Students and Teachers Say Goodbye to their Week Off in February

Students and Teachers Say Goodbye to their Week Off in February

By Maria Sawiris and Mahgul Mansoor

As the city continues to deal with the aftermath of Hurricane Sandy, Mayor Michael Bloomberg and Education Chancellor Dennis Walcott have shortened the mid-winter recess. Instead of having the whole week off, the 2013 February break will be cut down from five days to two. This was done in an effort to meet the Department of Education’s required 180 days of active schooling.

Over a thousand schools in New York City were affected by the storm. Mayor Bloomberg closed all New York City public schools for five days. Schools, such as Tech, which served as shelters, were closed for an additional day. Furthermore, to accommodate victims displaced by Sandy, Tech implemented a special, shortened schedule for the first three days back that increased the amount of class time missed.

Tech students have a variety of opinions on the recent changes.

Caren Celine Morris ’14 said, “Taking some days out of a vacation is a lot better than lengthening school days, so I think that this decision was a smart one.”

According to Sydul Akhanji ’16, “Any break is really important to a student because it lets us relax and not do any work. And if you’re in a specialized high school like Brooklyn Tech, we get a lot of work. We need that break.”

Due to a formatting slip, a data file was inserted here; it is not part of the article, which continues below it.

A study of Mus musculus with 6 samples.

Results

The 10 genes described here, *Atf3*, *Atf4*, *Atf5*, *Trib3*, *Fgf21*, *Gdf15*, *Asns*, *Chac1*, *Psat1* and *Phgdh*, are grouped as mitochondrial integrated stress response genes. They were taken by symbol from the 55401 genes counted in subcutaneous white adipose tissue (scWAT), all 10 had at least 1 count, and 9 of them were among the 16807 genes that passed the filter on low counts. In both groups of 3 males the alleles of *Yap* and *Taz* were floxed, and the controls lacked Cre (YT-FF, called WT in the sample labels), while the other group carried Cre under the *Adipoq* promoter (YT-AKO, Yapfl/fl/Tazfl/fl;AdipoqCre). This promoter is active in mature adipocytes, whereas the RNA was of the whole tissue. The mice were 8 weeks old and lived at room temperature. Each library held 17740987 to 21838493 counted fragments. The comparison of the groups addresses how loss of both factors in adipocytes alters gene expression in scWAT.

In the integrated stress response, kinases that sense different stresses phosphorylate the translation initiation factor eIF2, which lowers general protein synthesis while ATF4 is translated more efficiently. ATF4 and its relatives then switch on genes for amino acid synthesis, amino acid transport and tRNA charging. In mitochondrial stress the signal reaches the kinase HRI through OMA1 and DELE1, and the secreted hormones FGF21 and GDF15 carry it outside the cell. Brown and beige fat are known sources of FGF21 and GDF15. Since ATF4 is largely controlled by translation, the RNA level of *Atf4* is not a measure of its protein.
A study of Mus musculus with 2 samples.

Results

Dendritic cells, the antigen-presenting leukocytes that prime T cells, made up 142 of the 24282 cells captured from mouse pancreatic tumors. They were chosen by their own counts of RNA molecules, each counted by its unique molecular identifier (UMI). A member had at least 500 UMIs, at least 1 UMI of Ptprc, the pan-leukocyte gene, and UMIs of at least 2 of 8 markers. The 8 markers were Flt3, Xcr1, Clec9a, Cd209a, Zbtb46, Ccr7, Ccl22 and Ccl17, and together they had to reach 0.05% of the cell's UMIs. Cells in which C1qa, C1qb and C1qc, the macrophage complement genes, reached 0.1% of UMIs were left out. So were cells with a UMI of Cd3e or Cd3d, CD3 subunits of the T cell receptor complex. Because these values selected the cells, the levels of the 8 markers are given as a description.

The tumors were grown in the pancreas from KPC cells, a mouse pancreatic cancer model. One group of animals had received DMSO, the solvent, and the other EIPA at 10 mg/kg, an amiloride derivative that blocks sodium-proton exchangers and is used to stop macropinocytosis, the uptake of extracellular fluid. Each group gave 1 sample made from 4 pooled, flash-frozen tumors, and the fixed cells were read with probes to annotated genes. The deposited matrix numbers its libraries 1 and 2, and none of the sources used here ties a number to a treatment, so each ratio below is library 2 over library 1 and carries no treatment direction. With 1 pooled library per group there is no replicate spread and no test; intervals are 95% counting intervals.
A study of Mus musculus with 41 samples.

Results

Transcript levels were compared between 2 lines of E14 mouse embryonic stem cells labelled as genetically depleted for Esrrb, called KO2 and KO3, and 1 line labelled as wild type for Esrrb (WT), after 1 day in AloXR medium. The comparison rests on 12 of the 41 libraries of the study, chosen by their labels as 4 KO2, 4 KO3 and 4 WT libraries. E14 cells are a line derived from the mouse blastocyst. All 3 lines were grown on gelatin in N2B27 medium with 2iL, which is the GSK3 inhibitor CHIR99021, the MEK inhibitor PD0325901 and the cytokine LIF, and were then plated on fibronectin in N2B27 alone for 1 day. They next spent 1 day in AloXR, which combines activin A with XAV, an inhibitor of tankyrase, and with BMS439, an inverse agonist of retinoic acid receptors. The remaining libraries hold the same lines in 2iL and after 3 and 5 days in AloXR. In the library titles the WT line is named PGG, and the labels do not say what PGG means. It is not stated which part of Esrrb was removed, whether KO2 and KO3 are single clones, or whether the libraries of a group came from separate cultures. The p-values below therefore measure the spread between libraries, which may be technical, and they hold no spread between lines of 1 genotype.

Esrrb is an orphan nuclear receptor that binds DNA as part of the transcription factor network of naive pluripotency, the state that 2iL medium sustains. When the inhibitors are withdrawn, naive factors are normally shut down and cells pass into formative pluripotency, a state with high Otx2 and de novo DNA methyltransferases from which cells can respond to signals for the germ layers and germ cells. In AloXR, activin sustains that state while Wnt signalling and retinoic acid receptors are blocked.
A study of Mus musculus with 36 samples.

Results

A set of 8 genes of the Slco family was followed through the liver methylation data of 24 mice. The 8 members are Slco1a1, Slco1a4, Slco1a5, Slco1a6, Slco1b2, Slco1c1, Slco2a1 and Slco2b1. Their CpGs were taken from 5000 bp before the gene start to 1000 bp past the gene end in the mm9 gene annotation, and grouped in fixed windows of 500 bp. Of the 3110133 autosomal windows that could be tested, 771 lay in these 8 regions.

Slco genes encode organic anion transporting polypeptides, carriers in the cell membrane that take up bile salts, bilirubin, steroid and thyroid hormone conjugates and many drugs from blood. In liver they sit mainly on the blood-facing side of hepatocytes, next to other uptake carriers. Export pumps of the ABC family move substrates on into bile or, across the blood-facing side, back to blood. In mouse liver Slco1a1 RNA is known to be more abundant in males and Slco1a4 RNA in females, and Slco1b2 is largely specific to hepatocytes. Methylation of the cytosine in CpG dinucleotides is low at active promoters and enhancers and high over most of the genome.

February break was shortened to compensate for the loss of school time and to get the city back on track for national standards. There are usually 182 to 183 school days in the year; the extra days are used to cushion snow days or other unexpected school closings. NYC only would have been two or three days short of the mandated 180 days, but problems would arise if any bad snow storms occur this winter that would require further school closings.

If there are teachers or students who have already booked and arranged their February vacation plans, there will definitely be some absences during the week of February 18th.

Jennifer Sullivan, Assistant Principal of Organization, said, “Personally, my plans were not affected… Staff members that have proof of paying for a vacation prior to the storm are allowed to take the days by using days in their ‘sick bank’ without being penalized. I imagine some teachers will be absent that week, as well as a number of students whose parents booked and paid for holiday vacations.”

Sasha Kiosse ’15 didn’t have any plans that were affected by this change, but commented, “I don’t really mind coming in the two or three extra days, but I know a lot of people who won’t be coming in to school. [Those] school days are going to be pointless. I don’t think we’ll be doing anything in class if so many people aren’t going to be there.”

Akhanji expressed disdain towards those who will be missing school that week. “It kind of gets me mad. You know there is school yet you still go on a one week or three day vacation while other kids are actually going to school and doing work. It is kind of an integrity thing… If there is school, you have to go to school.”